Why the Deflategate ruling has nothing to do with “justice”

Let me start by saying that I think the ruling to throw out Tom Brady’s four game NFL suspension by Judge Richard Berman in federal court is a good thing.

Photo from patriotsgab.com

Photo from patriotsgab.com

It’s a good thing for the league, a good thing for the rights of players and employees of the NFL, a good thing for Brady’s continuing and still-growing legacy as the greatest quarterback of all time, a good thing for the Patriots chances of repeating this year as Super Bowl champs, and a good thing for my fantasy football team.

But it isn’t a declaration of justice in the American legal system, we’re still pretty much ass over head when it comes to that issue in this country.

From the beginning, the Deflategate “scandal,” was little more than a witch hunt perpetuated by the puppeted faces of ESPN “reporters,” and other ill-informed (or willfully exploitative) sports journalists from places home to NFL franchises that Brady has been beating the pants off of since the turn of the century.

Ever since the story first broke following the Patriots 45-7 win over the Indianapolis Colts in the 2015 AFC championship game, the intentional bending of rules by other teams including the Atlanta Falcons, the Minnesota Vikings, Cleveland Browns, and the San Diego Chargers has come to light- only to reveal glaring double standards based on how league commissioner Roger Goodell has handled such violations.

Check out yourteamcheats.com for a comprehensive listing of infractions by all NFL teams over the years.

NFL Commissioner Roger Goodell. Image from Reuters.com.

NFL Commissioner Roger Goodell. Image from Reuters.com.

Even former players admitted to breaking the rules in the past. Hall of Fame wide receiver Jerry Rice, who, along with all-time great quarterback Joe Montana was the reason that I first fell in love with the sport back in the early 1990’s, confessed that he used Stickum, which is a banned adhesive that helps make your hands sticky for catching footballs, in his days as a record breaking player for the San Francisco 49ers.

For more on the Rice story, check out this article by Mike Florio for NBC Sports titled, “Jerry Rice admits to cheating, says everyone did it”.

So the NFL’s ruling has been overturned, and Brady can focus on preparing for the season opener against the Pittsburgh Steelers on Sept. 10. That’s a good thing, and New England fans should be excited about it- I certainly am- but I still think it’s important to keep the whole thing in perspective.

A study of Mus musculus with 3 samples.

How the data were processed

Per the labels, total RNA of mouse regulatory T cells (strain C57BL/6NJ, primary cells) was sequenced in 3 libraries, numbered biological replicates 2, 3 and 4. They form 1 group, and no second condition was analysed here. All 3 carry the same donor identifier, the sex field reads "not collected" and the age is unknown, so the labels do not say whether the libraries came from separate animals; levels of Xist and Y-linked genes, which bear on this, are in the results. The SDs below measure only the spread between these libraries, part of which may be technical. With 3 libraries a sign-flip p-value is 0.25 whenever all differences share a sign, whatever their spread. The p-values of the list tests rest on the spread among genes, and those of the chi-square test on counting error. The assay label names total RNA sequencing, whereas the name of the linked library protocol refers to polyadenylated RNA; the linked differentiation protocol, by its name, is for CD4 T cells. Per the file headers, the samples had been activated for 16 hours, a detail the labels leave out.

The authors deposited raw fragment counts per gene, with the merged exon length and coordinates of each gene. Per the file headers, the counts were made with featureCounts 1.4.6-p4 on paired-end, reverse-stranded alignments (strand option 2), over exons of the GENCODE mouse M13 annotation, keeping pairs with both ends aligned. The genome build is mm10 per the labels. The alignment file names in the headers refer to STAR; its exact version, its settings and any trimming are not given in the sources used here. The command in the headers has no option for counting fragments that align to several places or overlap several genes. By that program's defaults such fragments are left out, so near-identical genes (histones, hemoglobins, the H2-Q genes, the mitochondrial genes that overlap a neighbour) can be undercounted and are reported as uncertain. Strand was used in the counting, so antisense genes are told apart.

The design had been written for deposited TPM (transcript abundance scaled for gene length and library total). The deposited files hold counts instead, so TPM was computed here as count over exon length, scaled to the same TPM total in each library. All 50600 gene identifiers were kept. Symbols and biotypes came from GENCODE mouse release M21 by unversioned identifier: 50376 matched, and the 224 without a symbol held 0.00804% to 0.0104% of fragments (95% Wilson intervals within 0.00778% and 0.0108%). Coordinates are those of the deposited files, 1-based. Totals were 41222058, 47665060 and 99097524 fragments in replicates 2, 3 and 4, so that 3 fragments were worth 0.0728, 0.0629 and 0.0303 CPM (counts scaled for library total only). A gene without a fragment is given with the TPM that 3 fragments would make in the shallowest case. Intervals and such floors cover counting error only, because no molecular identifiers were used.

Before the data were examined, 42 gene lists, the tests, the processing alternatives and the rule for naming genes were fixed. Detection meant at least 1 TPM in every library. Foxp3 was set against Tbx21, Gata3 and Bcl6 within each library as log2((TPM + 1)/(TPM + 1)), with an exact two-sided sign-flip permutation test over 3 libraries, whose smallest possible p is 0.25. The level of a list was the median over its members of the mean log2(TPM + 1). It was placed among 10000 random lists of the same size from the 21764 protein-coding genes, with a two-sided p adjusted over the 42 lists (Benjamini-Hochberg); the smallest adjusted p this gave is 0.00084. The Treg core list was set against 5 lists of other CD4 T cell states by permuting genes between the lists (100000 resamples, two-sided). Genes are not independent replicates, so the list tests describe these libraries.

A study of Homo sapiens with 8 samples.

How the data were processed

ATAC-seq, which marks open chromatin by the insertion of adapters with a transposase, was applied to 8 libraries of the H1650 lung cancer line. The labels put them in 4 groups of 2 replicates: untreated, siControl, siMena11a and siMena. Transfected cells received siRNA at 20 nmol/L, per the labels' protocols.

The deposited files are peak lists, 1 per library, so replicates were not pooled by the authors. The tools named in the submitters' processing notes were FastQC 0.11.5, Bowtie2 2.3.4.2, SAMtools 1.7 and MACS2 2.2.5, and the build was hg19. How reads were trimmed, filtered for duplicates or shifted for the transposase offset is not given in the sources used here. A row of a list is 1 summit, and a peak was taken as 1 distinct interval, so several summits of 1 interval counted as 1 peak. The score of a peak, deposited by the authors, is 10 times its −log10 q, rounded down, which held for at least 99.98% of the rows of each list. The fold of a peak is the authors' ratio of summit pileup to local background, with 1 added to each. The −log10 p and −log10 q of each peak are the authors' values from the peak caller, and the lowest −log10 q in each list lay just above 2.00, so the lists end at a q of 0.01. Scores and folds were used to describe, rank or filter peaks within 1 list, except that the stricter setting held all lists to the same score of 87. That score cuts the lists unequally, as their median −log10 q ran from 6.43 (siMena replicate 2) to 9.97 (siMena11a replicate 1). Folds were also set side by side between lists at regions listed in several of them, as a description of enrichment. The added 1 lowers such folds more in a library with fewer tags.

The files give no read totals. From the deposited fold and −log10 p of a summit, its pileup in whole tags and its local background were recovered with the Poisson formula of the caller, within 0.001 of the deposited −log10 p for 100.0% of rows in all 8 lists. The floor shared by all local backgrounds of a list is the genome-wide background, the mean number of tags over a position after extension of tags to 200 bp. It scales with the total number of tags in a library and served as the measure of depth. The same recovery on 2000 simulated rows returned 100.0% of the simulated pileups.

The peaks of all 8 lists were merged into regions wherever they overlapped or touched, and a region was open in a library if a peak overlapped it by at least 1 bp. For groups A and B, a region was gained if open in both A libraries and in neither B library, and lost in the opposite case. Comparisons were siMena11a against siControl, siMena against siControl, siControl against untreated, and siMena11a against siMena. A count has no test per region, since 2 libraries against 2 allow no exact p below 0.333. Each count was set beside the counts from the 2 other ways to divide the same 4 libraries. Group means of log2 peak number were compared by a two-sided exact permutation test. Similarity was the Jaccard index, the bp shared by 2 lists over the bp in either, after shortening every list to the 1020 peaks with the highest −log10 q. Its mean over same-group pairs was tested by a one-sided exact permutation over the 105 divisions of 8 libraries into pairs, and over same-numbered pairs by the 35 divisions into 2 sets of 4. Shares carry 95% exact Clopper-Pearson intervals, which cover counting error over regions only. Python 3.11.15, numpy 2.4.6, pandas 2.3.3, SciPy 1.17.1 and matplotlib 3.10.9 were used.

The American legal system is incredibly unjust, regardless of how it handled Deflategate.

Overcrowding in American prisons. Image from Reuters.com.

Overcrowding in American prisons. Image from Reuters.com.

Here’s a short list of atrocities currently happening in America from americanprogress.org that make the ordeal endured by Brady and the Patriots look like an absolute joke:

1. While people of color make up about 30 percent of the United States’ population, they account for 60 percent of those imprisoned.

2. According to the Bureau of Justice Statistics, one in three black men can expect to go to prison in their lifetime.

3. Students of color face harsher punishments in school than their white peers, leading to a higher number of youth of color incarcerated.

4. According to recent data by the Department of Education, African American students are arrested far more often than their white classmates.

5. African American youth have higher rates of juvenile incarceration and are more likely to be sentenced to adult prison.

6. As the number of women incarcerated has increased by 800 percent over the last three decades, women of color have been disproportionately represented.

7. The war on drugs has been waged primarily in communities of color where people of color are more likely to receive higher offenses.

8. Once convicted, black offenders receive longer sentences compared to white offenders.

9. Voter laws that prohibit people with felony convictions to vote disproportionately impact men of color.

10. Studies have shown that people of color face disparities in wage trajectory following release from prison.

So while I’m thrilled to see Brady win the fight in court, let’s not forget the privileged position that he’s been defending himself from.

A famous, extraordinarily wealthy, powerful white sports star had the resources available to him to make his case in court to a judge willing to hear him.

Good for Brady, good for the NFL, and good for my fantasy team.

But we’ve got a long way to go before we can start declaring that justice has been served in America.

Chris Shorr

About Chris Shorr

Chris is a sixth generation Portlander who loves all things Maine. He has worked with mentally ill and marginalized adults at a Portland non-profit, on a lobster boat in Casco Bay, at several high-end Portland restaurants, and at a local meat packing plant. He also ran for Portland City Council in 2013, wrote a weekly column in the now defunct Portland Daily Sun, and currently writes a weekly column in The Portland Phoenix.